Senate Indian Affairs Committee Holds Hearing on Native Priorities for 117th Congress
Recently, the United States Senate Committee on Indian Affairs held its first hearing of the 117th Congress, titled “A call to action: Native communities’ priorities in focus for the 117th Congress.” The hearing was also the first with Senator Brian Schatz (D-Hawai’i) presiding as committee chairman and Sen. Lisa Murkowski (R-Alaska) as Vice-Chair.
“Native communities are experiencing disproportionate impacts from multiple crises: COVID-19, economic insecurity, racial injustice, and climate change,” Schatz said. “So as the strongest voice for Native priorities in Congress, this committee will act to address these challenges by working together in our famed bipartisan tradition and to uphold the federal treaty and trust responsibilities to Tribes and Native communities across the country.”
In her opening statement, Vice Chairman Senator Lisa Murkowski (R-Alaska) said that the committee “takes seriously the priorities of native communities, which have guided legislation over the years. With strong and unified tribal voices laying out the needs of Indian Tribes, we have seen the passage of major pieces of legislation.”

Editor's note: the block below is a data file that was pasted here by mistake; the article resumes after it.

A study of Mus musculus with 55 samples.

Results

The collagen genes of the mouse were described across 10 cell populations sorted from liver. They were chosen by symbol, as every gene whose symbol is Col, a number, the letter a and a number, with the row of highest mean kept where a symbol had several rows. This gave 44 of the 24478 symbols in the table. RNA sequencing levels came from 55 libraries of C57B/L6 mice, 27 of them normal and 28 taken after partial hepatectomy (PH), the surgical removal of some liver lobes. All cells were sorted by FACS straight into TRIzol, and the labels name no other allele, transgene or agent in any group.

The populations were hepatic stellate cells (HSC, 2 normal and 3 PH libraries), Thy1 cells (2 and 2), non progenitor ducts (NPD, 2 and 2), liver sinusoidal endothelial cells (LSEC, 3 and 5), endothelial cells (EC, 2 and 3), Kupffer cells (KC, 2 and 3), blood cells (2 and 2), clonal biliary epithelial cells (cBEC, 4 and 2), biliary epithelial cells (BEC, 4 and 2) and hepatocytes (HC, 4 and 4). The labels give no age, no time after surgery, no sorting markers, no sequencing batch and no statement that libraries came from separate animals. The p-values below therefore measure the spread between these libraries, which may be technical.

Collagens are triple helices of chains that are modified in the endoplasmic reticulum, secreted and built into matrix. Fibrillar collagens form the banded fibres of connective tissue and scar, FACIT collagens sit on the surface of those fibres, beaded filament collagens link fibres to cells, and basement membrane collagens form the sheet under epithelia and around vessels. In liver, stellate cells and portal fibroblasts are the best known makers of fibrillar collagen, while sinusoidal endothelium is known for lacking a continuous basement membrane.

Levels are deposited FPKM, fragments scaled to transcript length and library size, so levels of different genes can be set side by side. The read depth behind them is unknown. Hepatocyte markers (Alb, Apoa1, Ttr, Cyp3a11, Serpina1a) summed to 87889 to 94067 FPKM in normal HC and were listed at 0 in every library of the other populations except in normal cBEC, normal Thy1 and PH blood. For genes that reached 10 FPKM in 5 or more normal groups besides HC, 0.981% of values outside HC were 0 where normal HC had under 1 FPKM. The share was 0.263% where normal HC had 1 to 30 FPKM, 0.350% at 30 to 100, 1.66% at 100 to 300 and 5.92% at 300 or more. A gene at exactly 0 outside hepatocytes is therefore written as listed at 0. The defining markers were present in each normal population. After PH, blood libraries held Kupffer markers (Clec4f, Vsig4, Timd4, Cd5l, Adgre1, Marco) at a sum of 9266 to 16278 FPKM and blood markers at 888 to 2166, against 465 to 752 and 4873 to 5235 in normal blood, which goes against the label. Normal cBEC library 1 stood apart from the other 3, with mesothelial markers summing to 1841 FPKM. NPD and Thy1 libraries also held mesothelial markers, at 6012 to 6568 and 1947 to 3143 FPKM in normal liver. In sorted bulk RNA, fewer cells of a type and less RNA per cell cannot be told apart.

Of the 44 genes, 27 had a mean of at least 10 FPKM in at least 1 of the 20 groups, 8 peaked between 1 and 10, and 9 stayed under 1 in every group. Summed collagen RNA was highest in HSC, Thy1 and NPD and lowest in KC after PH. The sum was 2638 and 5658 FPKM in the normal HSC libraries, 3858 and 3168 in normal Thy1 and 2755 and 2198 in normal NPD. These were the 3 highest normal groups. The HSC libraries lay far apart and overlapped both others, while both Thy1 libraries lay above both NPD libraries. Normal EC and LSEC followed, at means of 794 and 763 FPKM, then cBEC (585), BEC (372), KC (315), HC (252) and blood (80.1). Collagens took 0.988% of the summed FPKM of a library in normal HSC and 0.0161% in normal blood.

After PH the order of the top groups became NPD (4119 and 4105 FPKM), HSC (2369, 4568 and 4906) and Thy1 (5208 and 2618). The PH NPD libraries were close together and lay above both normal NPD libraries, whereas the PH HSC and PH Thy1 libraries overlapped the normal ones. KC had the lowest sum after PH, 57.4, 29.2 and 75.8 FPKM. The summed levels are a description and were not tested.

The committee heard testimony from Fawn Sharp, President of the National Congress of American Indians; Leonard Forsman, President of Affiliated Tribes of Northwest Indians; Carmen Lindsey, chair member of the Office of Hawaiian Affairs; and Julie Kitka, president of Alaska Federation of Natives.
In her testimony, Sharp highlighted key priorities for Native communities like COVID relief and funding for infrastructures such as water, broadband, housing, and roads. Forsman focused on climate-related goals and urged the committee to ensure that Tribal nations “have the resources that they need to address the inequitable climate impacts that we are facing.”
Lindsey, a Native Hawaiian leader, stated that to honor the government’s trust responsibility to Native Hawaiians, the committee must focus on healthcare, housing, economic well-being, and education for Tribes. Kitka stressed the importance of housing, public safety, and COVID relief for Alaska Native Tribes.
“I want to be clear that today’s hearing isn’t a ‘check-the-box’ exercise. It’s a real opportunity for this Committee to chart a path forward, by listening to and learning from Native leaders, for the next two years and beyond,” Schatz said.
Click here for a video of the hearing.